Have it your way. McDonald's rolling out "massive" test of mobile ordering app

When it comes to moving toward automation and reducing minimum wage jobs in a more expensive labor market it looks like McDonald’s isn’t clowning around. (Sorry… I’ll get my hat.) It’s not as if we didn’t have any warning, particularly when you consider that the company’s former CEO told us more than a year ago that he was ready for the robot revolution and anything else which could automate his business. Since then the experiments have been ramping up. You may recall that the Golden Arches introduced their first Big Mac vending machine not too long ago. But now, following in the footsteps of several other chains like Starbucks, McDonald’s is beginning a major West Coast rollout testing a mobile app which will allow customers to place orders, pay for their meal and even select where they would like to pick it up, all using their cell phone before they even reach the store. (Associated Press)

McDonald’s has started testing mobile order-and-pay after acknowledging the ordering process in its restaurants can be “stressful.”

The company says it will gather feedback from the test before launching the option nationally toward the end of the year. It says mobile order-and-pay is now available at 29 stores in Monterey and Salinas, California, and will expand to 51 more locations in Spokane, Washington, next week.

The rollout comes as customers increasingly seek out convenience through options like online ordering or delivery. McDonald’s CEO Steve Easterbrook has noted the initial stages of visiting can be “stressful,” and the chain is making changes to improve the overall customer experience. That includes introducing ordering kiosks, which McDonald’s says can help ease lines at the counter and improve the accuracy of orders — another frustration for customers. Easterbrook has also talked about the potential of delivery.

The way they are framing this development in the new marketing push is fairly predictable and almost precisely the same approach taken by Starbucks. The app is being pitched as something which customers would clearly want because the ordering process at their stores can be “stressful.” Honestly? I’ll grant you that standing in line can be kind of a pain at times and dealing with the workers behind the counter isn’t always a joy, but I don’t think I’ve ever found myself being stressed out at the prospect of attempting to order a Quarter Pounder with Cheese.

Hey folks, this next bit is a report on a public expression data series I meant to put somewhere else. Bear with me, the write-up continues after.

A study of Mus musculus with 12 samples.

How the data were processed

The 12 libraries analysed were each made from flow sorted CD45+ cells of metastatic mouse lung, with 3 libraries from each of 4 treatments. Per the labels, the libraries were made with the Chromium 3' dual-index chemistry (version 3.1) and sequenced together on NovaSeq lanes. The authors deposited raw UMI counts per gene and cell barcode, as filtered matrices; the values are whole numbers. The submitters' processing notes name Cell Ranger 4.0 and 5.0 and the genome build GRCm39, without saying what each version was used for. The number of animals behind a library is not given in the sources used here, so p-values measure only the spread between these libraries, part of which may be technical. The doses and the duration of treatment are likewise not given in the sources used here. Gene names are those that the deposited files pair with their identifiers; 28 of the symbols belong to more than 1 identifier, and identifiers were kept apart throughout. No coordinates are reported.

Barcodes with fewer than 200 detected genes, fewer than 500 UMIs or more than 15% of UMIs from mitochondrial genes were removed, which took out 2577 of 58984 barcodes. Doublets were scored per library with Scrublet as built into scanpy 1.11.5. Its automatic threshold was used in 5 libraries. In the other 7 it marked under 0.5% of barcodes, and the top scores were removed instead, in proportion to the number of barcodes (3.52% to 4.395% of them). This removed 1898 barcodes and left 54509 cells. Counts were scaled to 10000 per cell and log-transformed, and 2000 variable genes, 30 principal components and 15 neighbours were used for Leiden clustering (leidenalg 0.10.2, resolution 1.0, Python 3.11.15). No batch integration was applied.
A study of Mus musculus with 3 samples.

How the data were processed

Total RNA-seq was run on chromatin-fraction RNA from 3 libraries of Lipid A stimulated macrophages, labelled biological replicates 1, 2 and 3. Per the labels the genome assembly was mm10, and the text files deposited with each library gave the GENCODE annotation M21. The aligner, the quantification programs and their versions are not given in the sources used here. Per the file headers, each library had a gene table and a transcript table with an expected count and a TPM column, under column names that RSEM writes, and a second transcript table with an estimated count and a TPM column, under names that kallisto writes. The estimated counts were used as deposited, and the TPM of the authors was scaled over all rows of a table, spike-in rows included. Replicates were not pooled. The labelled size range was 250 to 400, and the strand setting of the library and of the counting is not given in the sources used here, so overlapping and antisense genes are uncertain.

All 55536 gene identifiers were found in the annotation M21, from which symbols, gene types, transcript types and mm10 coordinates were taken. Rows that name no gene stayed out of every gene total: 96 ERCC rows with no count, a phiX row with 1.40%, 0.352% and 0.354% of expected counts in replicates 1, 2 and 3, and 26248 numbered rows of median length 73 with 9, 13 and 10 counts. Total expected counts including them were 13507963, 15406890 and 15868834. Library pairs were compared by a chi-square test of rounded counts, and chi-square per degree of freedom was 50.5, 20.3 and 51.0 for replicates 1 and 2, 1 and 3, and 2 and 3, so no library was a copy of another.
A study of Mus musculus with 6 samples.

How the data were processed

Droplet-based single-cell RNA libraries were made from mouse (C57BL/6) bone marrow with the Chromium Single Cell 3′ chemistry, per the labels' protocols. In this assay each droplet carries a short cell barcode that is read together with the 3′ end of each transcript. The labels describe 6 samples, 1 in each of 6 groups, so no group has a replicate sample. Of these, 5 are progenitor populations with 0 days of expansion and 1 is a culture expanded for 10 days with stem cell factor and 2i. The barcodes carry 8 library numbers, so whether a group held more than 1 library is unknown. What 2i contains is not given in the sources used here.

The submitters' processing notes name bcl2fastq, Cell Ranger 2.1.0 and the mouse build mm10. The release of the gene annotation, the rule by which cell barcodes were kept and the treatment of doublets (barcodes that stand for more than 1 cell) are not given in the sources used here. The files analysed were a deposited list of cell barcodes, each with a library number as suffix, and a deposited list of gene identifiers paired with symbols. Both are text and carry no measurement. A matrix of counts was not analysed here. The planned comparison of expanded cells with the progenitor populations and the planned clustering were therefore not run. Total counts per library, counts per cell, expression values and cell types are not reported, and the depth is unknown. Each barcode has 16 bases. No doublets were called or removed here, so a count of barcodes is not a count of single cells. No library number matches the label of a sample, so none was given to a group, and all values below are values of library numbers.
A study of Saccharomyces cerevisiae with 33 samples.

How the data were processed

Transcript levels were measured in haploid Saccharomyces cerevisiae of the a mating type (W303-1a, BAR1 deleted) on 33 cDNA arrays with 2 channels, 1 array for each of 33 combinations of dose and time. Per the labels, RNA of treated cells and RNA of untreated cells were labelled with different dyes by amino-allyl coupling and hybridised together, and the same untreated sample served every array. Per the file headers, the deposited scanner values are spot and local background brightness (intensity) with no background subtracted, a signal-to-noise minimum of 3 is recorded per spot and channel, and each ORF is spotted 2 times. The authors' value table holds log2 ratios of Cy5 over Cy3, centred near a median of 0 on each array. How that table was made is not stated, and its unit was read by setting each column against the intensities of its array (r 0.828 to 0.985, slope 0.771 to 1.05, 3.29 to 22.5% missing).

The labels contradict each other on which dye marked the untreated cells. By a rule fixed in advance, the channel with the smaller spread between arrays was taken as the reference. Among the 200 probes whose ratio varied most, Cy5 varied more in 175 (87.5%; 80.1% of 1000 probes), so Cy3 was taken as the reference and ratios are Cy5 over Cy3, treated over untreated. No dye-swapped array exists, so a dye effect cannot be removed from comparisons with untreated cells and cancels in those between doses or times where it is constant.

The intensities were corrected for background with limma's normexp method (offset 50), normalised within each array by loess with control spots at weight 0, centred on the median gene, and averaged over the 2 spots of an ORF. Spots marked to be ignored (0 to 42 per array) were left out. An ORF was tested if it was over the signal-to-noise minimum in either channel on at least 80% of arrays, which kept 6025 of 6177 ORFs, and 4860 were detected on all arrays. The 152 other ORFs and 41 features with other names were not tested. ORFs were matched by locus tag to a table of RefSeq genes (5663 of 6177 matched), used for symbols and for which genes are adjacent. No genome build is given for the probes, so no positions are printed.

What’s really going on here is that the new app will make them competitive with the rest of the outlets who are providing this level of convenience to a new generation of consumers who have grown used to such things. That competitive edge fits in nicely with the corporation’s previously stated plans to reduce the number of workers at the counter and offer diners more automated options. They already have kiosks installed for a trial run in a number of locations and they will very soon be the default way of ordering at most locations.

McDonald’s management never wants to go out and have a public discussion of the upward pressure on their labor costs brought about by activists pushing to increase the minimum wage, but that phenomenon is at the heart of these changes. The fact is that they would’ve done this years ago (as soon as all this new technology became available) but it didn’t make business sense to invest all that capital in the technology when you could still hire some kids straight out of high school for six bucks an hour. That’s no longer the case these days, and if the market continues to improve and workers are more scarce, costs will only rise further. So I suppose it was inevitable that this was coming.

I’ll get back to you with more on this subject just as soon as I figure out how to work this newfangled app on my phone.